Ice-free Arctic by the year 2030

ResearchBlogging.orgSpring is in the air. Spring Break is upon us, and the mind begins to wander... to the poles? Well, yes, because the Antarctic is calving enormous glaciers and researchers are predicting a seasonally ice-free Arctic by the year 2030. Break out the kayaks and suncreen. It's "Wild on, Nuuk."

The news wire is full of stories about the rapid melting of the Wilkins Ice Shelf 1000 miles south of South America. If the warming trend continues, the folks on the Patagonian coast of Argentina will be watching icebergs float off their coast just like the Kiwis in the video below. Check it out. Can Argentina "tango on the ice floe" like New Zealand does? I dunno. We'll see...

J. Stroeve and colleagues at the National Snow and Ice Data Center at University of Colorado, Boulder report that the Arctic lost ice cover roughly equivalent to an area the size of Texas and California combined in 2007. Only half the ice cover remains from the glory days in the 1950's and 1970's.

Ice nearly 9 years old essentially disappeared last year. The loss is attributed to anomolous wind patterns over the Arctic Ocean and increasing sea surface temperatures (SSTs) in the Chukchi and East Siberian Seas. The authors called the long-term outlook for Arctic ice cover "disturbing".

Their climate model is based on conservative estimates of climate change but the model results still indicate that 1) thin ice is more responsive to greenhouse gas than thick ice, and 2) rapid summer decay can result from albedo feedback mechanisms. That is, more heat is absorbed in the ocean, and less is reflected, once the ice cap is melted. Considering recent results, the view of the authors is "a seasonally ice free Arctic Ocean might be realized as early as 2030."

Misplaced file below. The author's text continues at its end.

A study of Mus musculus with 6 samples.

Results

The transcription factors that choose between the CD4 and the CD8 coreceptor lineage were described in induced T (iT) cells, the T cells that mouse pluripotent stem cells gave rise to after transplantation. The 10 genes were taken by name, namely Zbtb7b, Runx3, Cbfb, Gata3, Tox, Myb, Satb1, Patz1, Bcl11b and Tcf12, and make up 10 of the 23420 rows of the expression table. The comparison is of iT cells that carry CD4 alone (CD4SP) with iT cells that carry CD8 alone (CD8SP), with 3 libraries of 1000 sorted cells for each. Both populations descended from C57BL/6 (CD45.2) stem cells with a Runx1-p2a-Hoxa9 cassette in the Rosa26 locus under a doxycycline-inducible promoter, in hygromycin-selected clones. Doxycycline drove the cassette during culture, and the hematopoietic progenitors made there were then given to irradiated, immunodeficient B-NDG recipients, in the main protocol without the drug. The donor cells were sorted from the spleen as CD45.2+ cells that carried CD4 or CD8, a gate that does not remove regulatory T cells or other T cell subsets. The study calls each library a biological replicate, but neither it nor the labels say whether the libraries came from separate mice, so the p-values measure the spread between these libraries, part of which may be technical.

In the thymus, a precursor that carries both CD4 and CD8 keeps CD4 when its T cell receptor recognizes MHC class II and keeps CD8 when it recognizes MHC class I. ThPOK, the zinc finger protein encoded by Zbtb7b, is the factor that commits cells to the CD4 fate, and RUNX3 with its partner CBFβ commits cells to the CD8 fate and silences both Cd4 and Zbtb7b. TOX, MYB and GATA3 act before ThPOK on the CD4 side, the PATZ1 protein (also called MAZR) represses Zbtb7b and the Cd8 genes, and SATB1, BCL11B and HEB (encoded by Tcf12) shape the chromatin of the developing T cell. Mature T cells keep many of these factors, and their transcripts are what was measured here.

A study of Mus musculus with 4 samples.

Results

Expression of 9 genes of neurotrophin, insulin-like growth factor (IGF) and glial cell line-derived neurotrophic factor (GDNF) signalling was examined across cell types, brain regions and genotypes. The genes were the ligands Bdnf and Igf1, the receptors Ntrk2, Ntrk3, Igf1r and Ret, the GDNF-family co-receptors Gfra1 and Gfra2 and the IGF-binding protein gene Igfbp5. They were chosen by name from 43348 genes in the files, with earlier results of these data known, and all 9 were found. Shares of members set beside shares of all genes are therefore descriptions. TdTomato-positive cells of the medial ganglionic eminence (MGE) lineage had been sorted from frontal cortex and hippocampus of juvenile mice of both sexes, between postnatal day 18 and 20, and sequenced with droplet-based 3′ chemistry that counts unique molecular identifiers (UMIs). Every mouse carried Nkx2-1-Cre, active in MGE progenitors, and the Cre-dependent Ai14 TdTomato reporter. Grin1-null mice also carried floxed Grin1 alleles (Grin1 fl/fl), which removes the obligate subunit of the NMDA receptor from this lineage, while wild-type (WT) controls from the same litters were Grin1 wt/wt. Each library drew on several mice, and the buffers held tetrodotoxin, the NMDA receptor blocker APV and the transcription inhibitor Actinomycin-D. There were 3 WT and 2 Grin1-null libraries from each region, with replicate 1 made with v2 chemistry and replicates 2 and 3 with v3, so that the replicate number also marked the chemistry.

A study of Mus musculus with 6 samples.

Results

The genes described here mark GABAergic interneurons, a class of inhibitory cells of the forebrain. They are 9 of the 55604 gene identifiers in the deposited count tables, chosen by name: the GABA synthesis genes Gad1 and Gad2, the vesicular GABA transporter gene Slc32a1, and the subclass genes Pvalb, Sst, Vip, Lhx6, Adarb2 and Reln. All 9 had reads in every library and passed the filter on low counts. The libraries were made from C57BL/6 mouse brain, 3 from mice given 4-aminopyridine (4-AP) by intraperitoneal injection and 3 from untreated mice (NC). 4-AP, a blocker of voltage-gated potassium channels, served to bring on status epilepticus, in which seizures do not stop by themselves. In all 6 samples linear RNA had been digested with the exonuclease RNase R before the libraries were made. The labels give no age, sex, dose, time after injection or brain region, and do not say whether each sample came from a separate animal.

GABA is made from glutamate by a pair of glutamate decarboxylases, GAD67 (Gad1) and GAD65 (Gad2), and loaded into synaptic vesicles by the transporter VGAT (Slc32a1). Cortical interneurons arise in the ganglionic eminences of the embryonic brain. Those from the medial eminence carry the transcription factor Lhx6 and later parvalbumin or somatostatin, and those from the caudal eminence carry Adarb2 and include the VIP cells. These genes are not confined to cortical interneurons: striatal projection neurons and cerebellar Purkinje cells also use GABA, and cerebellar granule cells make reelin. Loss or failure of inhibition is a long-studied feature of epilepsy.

Wow, that's probably within my lifetime. Now I'm getting worried.


Stroeve, J., M.Serreze, S. Drobot, S. Gearheard, M. Holland, J. Maslanik, W. Meier, and T. Scambos. 2008. Arctic Sea Ice Plummets in 2007. EOS Transactions. Vol 89, No. 2, pp 1-2. January 8, 2008.

Stroeve, J., Holland, M.M., Meier, W., Scambos, T., Serreze, M. (2007). Arctic sea ice decline: Faster than forecast. Geophysical Research Letters, 34(9) DOI: 10.1029/2007GL029703

Note the citation at uses the doi of second reference. NA for the first.


First it was 2050, then 2030, given the speed at which change is progressing I wouldn't be surprised to see that cut down to 2020 very soon and possibly lower.

I know that non-native species rarely work the way the think they would... but Has anybody thought seriously about relocating a population of polar bears to Antarctica. Else, the remaining living ones will be limited to zoos.

Intersting perspective, Earthceutical. I can see the headlines now.

"Top Predator Cage Match: Crabeater seal vs Polar bear. Who takes Antarctica?"

I know that having two top tier predators would be one of the concerns, and that the polar bears would eat some penguins. Also, rational people would debate the merits of relocating enough of them to conserve the polar bear gene pool against the calculated impact of doing so to a totally separate ecosystem. Having said that, what would be the upside and downside of this? How many polar bears would it take to conserve the genetic pool for sustainability? Besides impact on the native species, there are other considerations... for example, it is colder in the Antarctic than the arctic.